The Maryland Judiciary has failed to keep adequate inventory records of the Maryland State Law Library’s $12.6 million worth of rare books and art, and judicial-branch employees threw out about $4.7 million worth of computer equipment without first determining if it was salvageable, legislative auditors concluded in a report released Monday.

The Office of Legislative Audits also found – as it had in a 2010 audit of the judicial branch — that some employees had access to the Judiciary’s warehouse inventory of computer equipment as well as the ability to update inventory records, a situation that opened the door to possible thievery.

“[T]hese employees could potentially misappropriate equipment items located in the respective warehouse to which they had access and conceal the related items by deleting such items from the related detail equipment records,” stated the OLA, a division of the state Department of Legislative Services.

Court of Appeals Chief Judge Mary Ellen Barbera —who took office July 6 and saw the report before its release — stated in a July 10 letter to OLA that the Judiciary agreed with the report’s findings and has already taken the office’s recommended steps to correct the deficiencies.

“Employees with routine physical access to warehouse inventory are no longer able to access and update related automated detail equipment records,” Barbera wrote in her letter co-signed by State Court Administrator Frank V. Broccolina. “The user account permissions for access to the automated detail equipment records have been reviewed and appropriately restricted.”

OLA’s report was a follow-up to its 2010 audit of the Judiciary and covers the period from Oct. 19, 2009, through June 30, 2012. The potential misappropriation of equipment was the only problem area identified in the 2010 audit that remained unresolved.

Then-Chief Judge Robert M. Bell’s response to the 2010 audit also said the Judiciary had implemented internal control measures to address potential misappropriation of inventory, including restricting employees’ ability to access and update equipment records. However, the current audit found the problem persisted in some instances.

OLA’s concerns about the State Law Library’s inventory were sparked by the office’s finding that an independent auditor had valued the library’s holdings at $12.6 million while the Judiciary had valued them at less than half that amount.

“Although independent appraisals were performed for some of these items in fiscal year 2011 and all of the items in fiscal year 2012 (and will be performed annually in the future) for insurance purposes, there was no formal process to ensure that all collection items had been accounted for,” the OLA report stated. “Furthermore, even though the July 2012 third-party appraisal valued the library’s art and historical items at $12.6 million, the Judiciary reported a $5.4 million June 30, 2012, value for the State Law Library” to the Department of General Services.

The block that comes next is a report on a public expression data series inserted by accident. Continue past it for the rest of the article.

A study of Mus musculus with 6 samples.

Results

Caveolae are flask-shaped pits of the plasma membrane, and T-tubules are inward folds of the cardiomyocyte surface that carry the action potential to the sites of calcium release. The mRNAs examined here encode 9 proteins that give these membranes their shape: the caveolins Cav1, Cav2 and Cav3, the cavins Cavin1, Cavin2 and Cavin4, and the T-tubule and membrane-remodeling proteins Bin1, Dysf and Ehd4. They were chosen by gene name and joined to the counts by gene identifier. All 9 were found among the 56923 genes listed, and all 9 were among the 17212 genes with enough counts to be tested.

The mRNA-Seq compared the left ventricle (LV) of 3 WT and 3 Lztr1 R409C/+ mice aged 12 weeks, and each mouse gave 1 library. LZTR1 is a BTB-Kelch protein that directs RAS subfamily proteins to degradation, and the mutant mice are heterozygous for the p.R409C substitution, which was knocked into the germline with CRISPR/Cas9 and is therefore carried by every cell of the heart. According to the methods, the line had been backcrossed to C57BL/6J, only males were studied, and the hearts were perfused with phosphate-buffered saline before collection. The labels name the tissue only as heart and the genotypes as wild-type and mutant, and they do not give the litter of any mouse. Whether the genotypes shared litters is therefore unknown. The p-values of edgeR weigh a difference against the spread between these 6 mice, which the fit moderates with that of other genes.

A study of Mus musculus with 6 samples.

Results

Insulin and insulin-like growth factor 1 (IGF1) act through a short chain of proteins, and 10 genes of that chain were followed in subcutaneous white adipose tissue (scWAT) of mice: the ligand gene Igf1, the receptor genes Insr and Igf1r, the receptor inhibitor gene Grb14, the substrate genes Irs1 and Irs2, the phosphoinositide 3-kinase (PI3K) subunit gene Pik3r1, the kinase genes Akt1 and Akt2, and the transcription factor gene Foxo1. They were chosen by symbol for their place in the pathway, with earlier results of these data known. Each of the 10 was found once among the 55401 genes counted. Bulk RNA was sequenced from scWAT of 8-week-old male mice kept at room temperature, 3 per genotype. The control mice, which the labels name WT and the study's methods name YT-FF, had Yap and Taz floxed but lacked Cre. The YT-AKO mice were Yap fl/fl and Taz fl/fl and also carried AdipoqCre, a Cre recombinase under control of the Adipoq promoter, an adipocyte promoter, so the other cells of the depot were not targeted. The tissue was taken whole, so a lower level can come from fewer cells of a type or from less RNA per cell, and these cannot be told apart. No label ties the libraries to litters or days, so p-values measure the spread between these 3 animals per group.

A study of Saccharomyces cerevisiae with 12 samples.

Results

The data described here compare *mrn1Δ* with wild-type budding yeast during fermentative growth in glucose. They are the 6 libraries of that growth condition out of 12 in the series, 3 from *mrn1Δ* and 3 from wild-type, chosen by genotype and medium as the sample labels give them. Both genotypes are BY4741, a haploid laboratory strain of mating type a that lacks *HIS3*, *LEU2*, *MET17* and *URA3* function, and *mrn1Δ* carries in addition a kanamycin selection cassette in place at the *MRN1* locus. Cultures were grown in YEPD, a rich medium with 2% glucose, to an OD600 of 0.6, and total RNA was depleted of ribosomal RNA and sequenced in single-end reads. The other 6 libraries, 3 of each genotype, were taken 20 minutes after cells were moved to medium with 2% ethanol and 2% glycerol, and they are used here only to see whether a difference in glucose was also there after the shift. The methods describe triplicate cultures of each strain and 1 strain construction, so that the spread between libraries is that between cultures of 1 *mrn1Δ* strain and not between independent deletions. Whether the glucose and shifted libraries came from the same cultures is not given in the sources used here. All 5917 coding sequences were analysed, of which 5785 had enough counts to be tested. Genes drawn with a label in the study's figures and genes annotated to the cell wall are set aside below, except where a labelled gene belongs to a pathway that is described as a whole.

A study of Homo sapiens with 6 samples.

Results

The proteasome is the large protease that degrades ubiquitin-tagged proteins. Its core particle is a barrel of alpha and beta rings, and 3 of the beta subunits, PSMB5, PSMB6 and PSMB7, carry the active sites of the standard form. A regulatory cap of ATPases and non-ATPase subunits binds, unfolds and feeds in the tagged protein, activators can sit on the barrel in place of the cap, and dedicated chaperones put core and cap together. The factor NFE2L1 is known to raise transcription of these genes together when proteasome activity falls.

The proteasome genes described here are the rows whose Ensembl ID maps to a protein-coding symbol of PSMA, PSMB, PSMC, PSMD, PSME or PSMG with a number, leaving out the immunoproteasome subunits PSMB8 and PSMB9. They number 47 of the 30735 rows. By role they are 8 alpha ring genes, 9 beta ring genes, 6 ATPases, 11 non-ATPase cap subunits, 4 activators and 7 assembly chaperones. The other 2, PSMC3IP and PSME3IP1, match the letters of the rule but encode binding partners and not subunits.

Barbera, in her letter responding to the report, stated that “a formal process has been developed to ensure that Special Collection items in the Maryland State Law Library are accounted for and documented in comprehensive detailed records. The annual inventory appraisals of Special Collection items in the Maryland State Law Library will be periodically reconciled to the detailed inventory records.”

The Special Collection includes the oldest book in the Law Library’s holdings, “An Abstract of All the Penal Statutes Which Be General in Force and Use,” from 1579; Acts of Congress, 1789 to 1791, signed by then-Secretary of State Thomas Jefferson; John James Audubon’s “Birds of America” hand-colored lithographs, which were printed in the 1830s; and “History of the Indian Tribes of North America,” by Thomas L. M’Kenney and James Hall, from 1837, according to the library’s website.

OLA also found that during fiscal 2012 — which ended June 30, 2012 — the Judiciary disposed of about 2,300 pieces of computer-related equipment without following its own written inventory control policies.

“Specifically, there was no documentation to support the items had been formally declared as junk by the property officer or that an evaluation had been performed to determine if any of the items were serviceable for inclusion as an excess property declaration, as required,” the report stated. “Although most of these items had been purchased five or more years prior to disposal and due to their age may not have been serviceable or had other salvage value, we noted many items, such as computers, printers, and scanners, that were less than two years old. However, without an adequate evaluation prior to disposal, it was not possible to determine if all the items should have been disposed of as junk.”

In response to those concerns, the Judiciary has adopted OLA’s recommendation that the Judiciary comply with its “Inventory Control Manual,” Barbera wrote.

The manual calls for all worn or damaged computer equipment to be discarded only after being declared as junk by the property officer. All equipment that is serviceable but no longer needed must be given to DGS’ Inventory Standards and Support Services Division for a determination of the equipment’s appropriate disposition.